Suicide arguably remains one of the last taboos. The stigma and myths attached to suicide - and mental illness more generally - can prevent people from telling others about how they feel and seeking help. World Suicide Prevention Day, held every year on the 10th of September, promotes a worldwide commitment to the prevention of suicides and the reduction of stigma.
After many years of decline, national statistics show an increase in the rate of suicides. In 2009, 3,330 people died through suicide in England, the highest number since 2001. A recent Government paper, Consultation on Preventing Suicide in England, highlights the important role research can play in identifying at risk groups and informing targeted support.
The paper focuses on analysis of mortality statistics, coroners’ records and self-harm data held by health services. These are without doubt all important data sources, but I wonder whether there is a voice missing here? Suicide prevention strategies could be further strengthened by conducting research with people who have experienced suicidal crisis, whether they sought help from formal services or not.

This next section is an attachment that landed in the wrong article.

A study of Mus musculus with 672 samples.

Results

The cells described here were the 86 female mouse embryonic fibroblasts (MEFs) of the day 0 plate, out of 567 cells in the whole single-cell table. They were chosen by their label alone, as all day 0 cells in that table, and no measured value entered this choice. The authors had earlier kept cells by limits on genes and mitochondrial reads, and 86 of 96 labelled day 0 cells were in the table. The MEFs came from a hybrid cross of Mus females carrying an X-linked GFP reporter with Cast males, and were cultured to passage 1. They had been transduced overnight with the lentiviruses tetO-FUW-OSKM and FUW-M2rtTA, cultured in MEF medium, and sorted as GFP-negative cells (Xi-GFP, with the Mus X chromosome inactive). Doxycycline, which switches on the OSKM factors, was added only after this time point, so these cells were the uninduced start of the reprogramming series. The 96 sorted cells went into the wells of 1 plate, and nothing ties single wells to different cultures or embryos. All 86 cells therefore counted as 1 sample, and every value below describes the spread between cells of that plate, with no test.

Our Adult Psychiatric Morbidity Study, conducted on behalf of the NHS Information Center, starts to build such an evidence base. We surveyed a representative sample of the population across England to find out if they had ever had suicidal thoughts or attempted suicide:
- 17% of respondents reported having suicidal thoughts at some point in their life
- 6% reported that they had made an attempt to end their life at some point
- 63% of men and 58% of women sought help following their last attempt
- The most common sources of help were hospital/ specialist medical services, GPs and friends, family or neighbours.
Future research could go further, and help to support prevention strategies by asking suicide survivors key questions like: Are common sources of help properly equipped? How did they provide support? Did this support help?
Of course, as with any sensitive topic, there are important methodological considerations to take into account when asking people about suicidal thoughts. Work we’ve done on the Adult Psychiatric Morbidity Study could inform the appropriate use of survey tools. For example, we asked people about their suicidal thoughts in a face-to-face interview and again in a self completion questionnaire. Perhaps unsurprisingly, a higher proportion of people reported having suicidal thoughts in the questionnaire.
However suicide prevention is developed, we need to ensure the voice of survivors is heard and incorporated. We’d be interested to hear from anyone interested in pursuing this line of research, so please do get in touch by posting a comment on this blog or emailing me.